Does he go pee outside at all for you? If so, be sure to give him lots of praise when he does. Say, “good boy!” and pet him a lot. If there is a pattern to him going potty in his crate, try to change when you take him out or for how long. For example, does he always go in his crate right when you get inside? If so, stay outside a little longer. Does he go 20 minutes after you come inside? Try taking him out again after 20 minutes.
Choose a well-ventilated crate that is large enough for your puppy to stand up, lie down, and turn around. Remember that your puppy’s crate will have to grow as he does, so purchase a crate that is appropriate for your dog’s expected full-grown size, and use a divider to make the crate smaller for the time being. Many crates available at pet-supply stores include dividers.
As with all dog cages, because it's a metal dog travel crate, it's very easy to clean and it's super durable and strong, which can be the deciding factor for most. It has double doors for front and side access. It also has slide-bolt latches that provide easy entry as well as security. The Midwest Life Stages folding metal crate is surprisingly uncomplicated to set up and put away, since it folds flat. When you consider how you're going to travel, this can be either the best dog travel crate for your trip, or the worst, so make sure you know where the crate is going to go and how it's going to be used.
My boyfriend and I brought home a male Chihuahua when he was 6 weeks old , He is now 10 months and we are still having potty training issues . We have trained him to sleep in his crate through out the night but For the last couple weeks, he will wake up and poop around 6:45 am every morning in his crate even after being taken out !! Sometimes he’ll poop in his crate before we wake up. We set his last potty break at 12 am at night . We stopped giving him treats and water after 8 pm and were still getting the same problem . My boyfriend wakes up at 6:30 am before he goes to work to take him out but he only pees and about 15 minutes after being brought back inside he’ll poop all over his crate and step all over it . We have tried puppy pads in the crate but all he did was rip them up so we stopped using them at 6 months . I am thinking about getting a kennel for him to lay in at night because his crate may be too big for him . We’ve also tried letting him sleep with us during the night and taking him on a potty break at 6:30 am and once were about to leave for work , we put him in his crate and we find him peeing or pooping in the crate . Unfortunately , we had to move his crate to the kitchen because that is the only room where we have hardware floors. ( We use to have his crate in the bedroom with us but he started kicking the black panel out his crate and digging at our carpets and scratching at our walls . ) I take my break from work at 12 pm so hes crated 7:15 am – 12:00 pm and hes always dry when I get home from break then I go back to work 12:30 – 4:30 and when I get home to take him out , hes dry ! I feed him and take him out once I get home and then its play time ! He is fed dinner at 7:45 pm and then hes taken out immediately and he goes potty and then playtime again until 11 pm with his potty break following at 12 am and him going back in the crate for bedtime . I’ve researched and I’ve asked experts but no one seems to have the right answer. We’ve tried putting him on new schedules as well as reducing his crate time through out the day . Please Help !!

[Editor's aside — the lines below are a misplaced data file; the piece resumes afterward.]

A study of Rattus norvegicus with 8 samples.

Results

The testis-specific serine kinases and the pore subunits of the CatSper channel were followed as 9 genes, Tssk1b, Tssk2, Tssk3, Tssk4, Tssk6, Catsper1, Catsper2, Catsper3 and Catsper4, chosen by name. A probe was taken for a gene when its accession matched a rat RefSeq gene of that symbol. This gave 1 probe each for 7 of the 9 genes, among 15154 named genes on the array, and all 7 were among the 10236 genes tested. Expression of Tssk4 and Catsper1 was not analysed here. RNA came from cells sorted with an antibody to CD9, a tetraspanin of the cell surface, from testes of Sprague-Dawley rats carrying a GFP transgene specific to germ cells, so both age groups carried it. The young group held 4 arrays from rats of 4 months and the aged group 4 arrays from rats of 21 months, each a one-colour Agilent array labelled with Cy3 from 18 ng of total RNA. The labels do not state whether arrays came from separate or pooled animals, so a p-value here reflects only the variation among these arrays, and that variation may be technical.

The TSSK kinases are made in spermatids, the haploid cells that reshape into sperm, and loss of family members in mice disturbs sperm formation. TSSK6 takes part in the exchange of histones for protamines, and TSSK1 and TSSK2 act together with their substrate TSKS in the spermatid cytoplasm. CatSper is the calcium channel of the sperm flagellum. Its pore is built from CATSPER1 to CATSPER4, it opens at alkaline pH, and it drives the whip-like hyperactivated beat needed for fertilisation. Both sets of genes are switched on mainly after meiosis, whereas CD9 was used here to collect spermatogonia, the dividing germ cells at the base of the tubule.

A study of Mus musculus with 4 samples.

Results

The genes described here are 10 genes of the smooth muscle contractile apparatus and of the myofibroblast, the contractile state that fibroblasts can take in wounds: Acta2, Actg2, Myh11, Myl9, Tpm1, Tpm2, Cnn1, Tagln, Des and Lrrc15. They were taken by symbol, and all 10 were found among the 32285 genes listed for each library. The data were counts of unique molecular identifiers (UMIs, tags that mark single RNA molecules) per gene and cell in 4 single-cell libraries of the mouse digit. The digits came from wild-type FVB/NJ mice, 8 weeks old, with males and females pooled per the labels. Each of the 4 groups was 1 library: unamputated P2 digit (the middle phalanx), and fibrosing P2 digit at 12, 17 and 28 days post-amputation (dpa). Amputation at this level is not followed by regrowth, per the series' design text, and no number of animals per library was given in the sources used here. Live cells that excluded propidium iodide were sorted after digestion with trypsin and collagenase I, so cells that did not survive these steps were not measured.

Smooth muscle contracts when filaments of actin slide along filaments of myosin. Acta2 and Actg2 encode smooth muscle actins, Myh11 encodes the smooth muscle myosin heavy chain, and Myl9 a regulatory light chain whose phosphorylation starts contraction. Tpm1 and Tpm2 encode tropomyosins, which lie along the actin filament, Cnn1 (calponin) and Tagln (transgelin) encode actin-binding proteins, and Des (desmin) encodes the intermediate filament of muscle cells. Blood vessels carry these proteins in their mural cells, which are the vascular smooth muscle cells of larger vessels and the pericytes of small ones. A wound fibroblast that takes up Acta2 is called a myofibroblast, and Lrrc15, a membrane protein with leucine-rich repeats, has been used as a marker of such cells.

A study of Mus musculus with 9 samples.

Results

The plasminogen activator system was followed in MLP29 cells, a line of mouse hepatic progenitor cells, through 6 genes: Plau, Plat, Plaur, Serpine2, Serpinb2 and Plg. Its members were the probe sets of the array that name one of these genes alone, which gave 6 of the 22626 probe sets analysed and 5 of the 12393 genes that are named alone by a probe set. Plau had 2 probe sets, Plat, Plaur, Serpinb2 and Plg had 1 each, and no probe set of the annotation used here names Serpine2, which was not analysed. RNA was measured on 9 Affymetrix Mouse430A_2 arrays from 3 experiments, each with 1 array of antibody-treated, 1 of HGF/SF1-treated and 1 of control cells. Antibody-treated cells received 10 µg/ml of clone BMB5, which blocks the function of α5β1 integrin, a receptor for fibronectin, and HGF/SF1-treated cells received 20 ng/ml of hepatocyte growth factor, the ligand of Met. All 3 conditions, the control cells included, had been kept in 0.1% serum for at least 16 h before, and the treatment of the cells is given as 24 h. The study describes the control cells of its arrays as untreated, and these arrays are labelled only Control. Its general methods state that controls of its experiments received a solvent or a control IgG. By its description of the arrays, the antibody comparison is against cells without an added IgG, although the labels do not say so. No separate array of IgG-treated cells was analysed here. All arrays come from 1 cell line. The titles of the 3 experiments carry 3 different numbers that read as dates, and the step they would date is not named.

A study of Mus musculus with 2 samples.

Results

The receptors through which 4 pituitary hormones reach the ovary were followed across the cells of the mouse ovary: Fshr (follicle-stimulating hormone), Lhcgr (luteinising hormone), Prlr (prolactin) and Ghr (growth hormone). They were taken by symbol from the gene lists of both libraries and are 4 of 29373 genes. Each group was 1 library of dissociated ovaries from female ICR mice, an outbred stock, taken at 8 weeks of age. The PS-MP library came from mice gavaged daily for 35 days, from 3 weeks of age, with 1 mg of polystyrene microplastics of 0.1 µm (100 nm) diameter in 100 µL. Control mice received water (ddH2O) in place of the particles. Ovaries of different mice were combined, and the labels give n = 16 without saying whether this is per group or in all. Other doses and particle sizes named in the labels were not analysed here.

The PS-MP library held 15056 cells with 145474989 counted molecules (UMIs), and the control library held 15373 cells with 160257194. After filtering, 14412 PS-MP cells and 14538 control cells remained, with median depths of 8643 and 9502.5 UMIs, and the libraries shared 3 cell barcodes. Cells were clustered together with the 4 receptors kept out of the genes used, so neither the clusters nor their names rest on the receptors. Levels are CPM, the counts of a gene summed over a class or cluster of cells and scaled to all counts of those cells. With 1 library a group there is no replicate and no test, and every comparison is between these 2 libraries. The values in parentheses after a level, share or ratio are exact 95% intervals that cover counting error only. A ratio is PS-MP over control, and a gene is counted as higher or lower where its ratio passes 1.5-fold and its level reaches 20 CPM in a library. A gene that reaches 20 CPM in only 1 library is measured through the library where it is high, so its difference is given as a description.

Once you’ve decided that crate training is for you, and which crate suits your canine companion best, it’s time to look at the actual process of crate training your pup. While the length of time it takes to crate train depends on your individual animal, his or her attitude, age, and past experiences, one thing’s for sure: you always want your dog to associate the crate with something pleasant. And even with the best dogs, baby steps are the best way to make this happen.
My friends went to Hawaii and left me their dog. Everything was ok until I didn’t receive an important call that I should have gone to another city. It was a catastrophe! I was searching for a travel crate knowing nothing about dogs, crates and travelling with them. But the first one I’ve bought was quite ok, I know that my friends still use it. And now I have a dog too and try to find something really good.
Another leader in its category, PetPeppy's premium airline approved dog travel crate is visually appealing, stylish and comes with a ton of features that makes it easy to carry your dog. It only comes in a single color (black with red accent) and have huge mesh windows on each side that will give your dog lots of ventilation. It's expandable that allows for tons of extra storage. As with all other pet carriers, this best dog travel crate doesn't need any assembly and it somewhat collapsible if you need to store it away. You won't need any tools for this one either.
We are trying to crate train to avoid separation anxiety. I work from home so my puppy is in my office with me all day. I’ve started to crate train her while I get ready for my day or do cleaning. She whines a lot but we’re at the very early stages. My question is, my husband and I want her to be able to sleep in the bed with us like our last dog did. My husband works nights so he tends to go to bed much later than me, so she hangs out with him until he’s ready to come to bed too, and then she sleeps peacefully until the morning. Are we shooting ourselves in the foot by not crating her at night, or is it okay to just crate train at selected times throughout the day so she can get used to being in there during the rare times when neither of us can be home? I keep her crate in my back office so that if she does whine while my husband is asleep, it doesn’t bother him as much. I also don’t let her out if she’s whining, unless it’s time for her potty break.